Why the ultimate HSV cost $170K — and still sold out
THE GTSR W1 is not just an engineering marvel — it’s a miracle Holden Special Vehicles even got to build it.
The first speed hump was the limited availability of its supercharged “LS9” V8, developed for the fastest-ever Chevrolet Corvette, the ZR1. The engine had gone out of production but General Motors had stockpiled some in the US.
Fortunately, high-ranking executives in Detroit were in favour of sending out Holden and HSV on a high note, initially releasing 150 engines. HSV eventually secured 295 for customer cars, plus six for development testing.
Numerous other obstacles threatened to stop the W1 in its tracks (see panel).
The new model, unveiled this week, is named in homage to HSV’s limited edition GTSR released in 1996, of which just 85 examples were made.
The W refers to Walkinshaw. The late Tom Walkinshaw was the founder of HSV and son Ryan now runs the company. And the 1 signifies the best car they’ve ever made.
Production starts in April and will continue into October — but all 295 are spoken for. Diehard HSV fans started placing deposits with dealers a year ago in anticipation of a special final edition.
HSV will hold back two or three cars to enable “frequent buyers” to go into a raffle to buy one if they miss out at their local dealer.
For those who missed getting into a W1, the GTSR sedan or GTSR Maloo ute stablemates may be an option.
In these, the LSA V8 has been bumped up to 435kW and they share the W1’s bolstered seats, bodywork, brakes and wheels but not the tyres, suspension or exhaust.
The Maloo is the cheapest ticket into a GTSR badge, priced from $96,990 — still an eye-watering price for a ute.
The GTSR sedan starts at $109,490 — depending on your enthusiasm, a power of money or a $60K discount on the $169,990 W1.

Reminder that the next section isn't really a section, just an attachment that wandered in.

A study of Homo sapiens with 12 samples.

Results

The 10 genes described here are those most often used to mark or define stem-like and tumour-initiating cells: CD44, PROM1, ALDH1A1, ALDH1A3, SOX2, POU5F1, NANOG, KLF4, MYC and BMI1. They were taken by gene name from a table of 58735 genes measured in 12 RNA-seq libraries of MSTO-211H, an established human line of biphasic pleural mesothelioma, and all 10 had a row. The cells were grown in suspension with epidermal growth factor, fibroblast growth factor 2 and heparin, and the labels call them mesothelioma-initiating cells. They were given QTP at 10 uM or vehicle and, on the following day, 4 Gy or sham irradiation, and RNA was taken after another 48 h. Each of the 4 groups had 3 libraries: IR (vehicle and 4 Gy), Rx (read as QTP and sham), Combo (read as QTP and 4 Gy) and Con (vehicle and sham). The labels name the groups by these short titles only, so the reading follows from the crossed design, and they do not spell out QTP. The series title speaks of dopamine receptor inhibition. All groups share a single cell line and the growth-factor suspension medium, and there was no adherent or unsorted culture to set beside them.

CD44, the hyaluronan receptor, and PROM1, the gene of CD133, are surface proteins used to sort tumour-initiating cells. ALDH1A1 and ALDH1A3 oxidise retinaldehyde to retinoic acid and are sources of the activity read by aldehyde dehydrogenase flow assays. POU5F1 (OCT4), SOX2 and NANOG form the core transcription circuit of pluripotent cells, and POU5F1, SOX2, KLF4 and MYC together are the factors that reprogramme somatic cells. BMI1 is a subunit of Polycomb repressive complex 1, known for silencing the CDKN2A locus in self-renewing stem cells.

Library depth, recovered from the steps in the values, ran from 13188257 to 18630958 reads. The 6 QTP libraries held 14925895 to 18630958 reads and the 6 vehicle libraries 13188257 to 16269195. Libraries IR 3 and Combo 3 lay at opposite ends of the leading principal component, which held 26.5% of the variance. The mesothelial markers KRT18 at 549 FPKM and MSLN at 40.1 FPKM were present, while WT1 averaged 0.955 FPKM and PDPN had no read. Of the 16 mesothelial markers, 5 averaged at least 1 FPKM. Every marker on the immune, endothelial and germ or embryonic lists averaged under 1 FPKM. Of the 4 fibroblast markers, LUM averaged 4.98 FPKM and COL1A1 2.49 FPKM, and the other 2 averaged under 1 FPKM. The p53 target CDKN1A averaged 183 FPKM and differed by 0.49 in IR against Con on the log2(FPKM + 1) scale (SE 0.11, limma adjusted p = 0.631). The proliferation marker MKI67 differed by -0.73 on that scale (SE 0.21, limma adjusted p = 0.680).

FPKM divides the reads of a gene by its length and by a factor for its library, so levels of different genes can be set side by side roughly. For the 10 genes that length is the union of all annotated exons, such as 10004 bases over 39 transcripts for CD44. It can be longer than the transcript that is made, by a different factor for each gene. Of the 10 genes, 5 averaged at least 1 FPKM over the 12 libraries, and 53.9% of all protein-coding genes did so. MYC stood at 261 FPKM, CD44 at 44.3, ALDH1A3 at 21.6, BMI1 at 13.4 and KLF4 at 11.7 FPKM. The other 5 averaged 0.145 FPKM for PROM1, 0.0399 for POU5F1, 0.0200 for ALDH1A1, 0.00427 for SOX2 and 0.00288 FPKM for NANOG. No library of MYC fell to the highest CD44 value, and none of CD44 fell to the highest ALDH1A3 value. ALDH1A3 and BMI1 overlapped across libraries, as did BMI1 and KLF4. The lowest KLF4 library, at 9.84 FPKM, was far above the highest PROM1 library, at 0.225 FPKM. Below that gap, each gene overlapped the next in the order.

At Holden’s Lang Lang test track a month ago, the W1 clocked 4.2 seconds for the 0-100km/h sprint (eclipsing the 4.5 seconds for the previous GTS benchmark), making it the fastest accelerating car Australia has ever produced. Insiders think there is scope to shave a fraction off that time.
BEHIND THE WHEEL
We had a brief preview drive of a camouflaged development car near HSV’s headquarters this week — and came away gobsmacked.
Given the suspension is twice as stiff as that in a GTS, there were concerns the W1 would handle bumps as badly as a skateboard.
However, the opposite it true. It could easily be used as a daily driver. The gearbox action is smooth, the clutch is light and it’s as easy to manoeuvre as a Toyota Corolla. This is yet another engineering feat, given the heavy-duty hardware.
This also may seem hard to believe but, with such a responsive engine in such an agile chassis (the sticky tyres and race-tuned suspension are key factors here), the GTSR W1 feels as nimble as a hot hatch — despite weighing two tonnes.
The tragedy is most of the 295 cars probably will get locked away as collector items. But they deserve to be driven — to do otherwise would be like keeping Phar Lap in the backyard as a pony.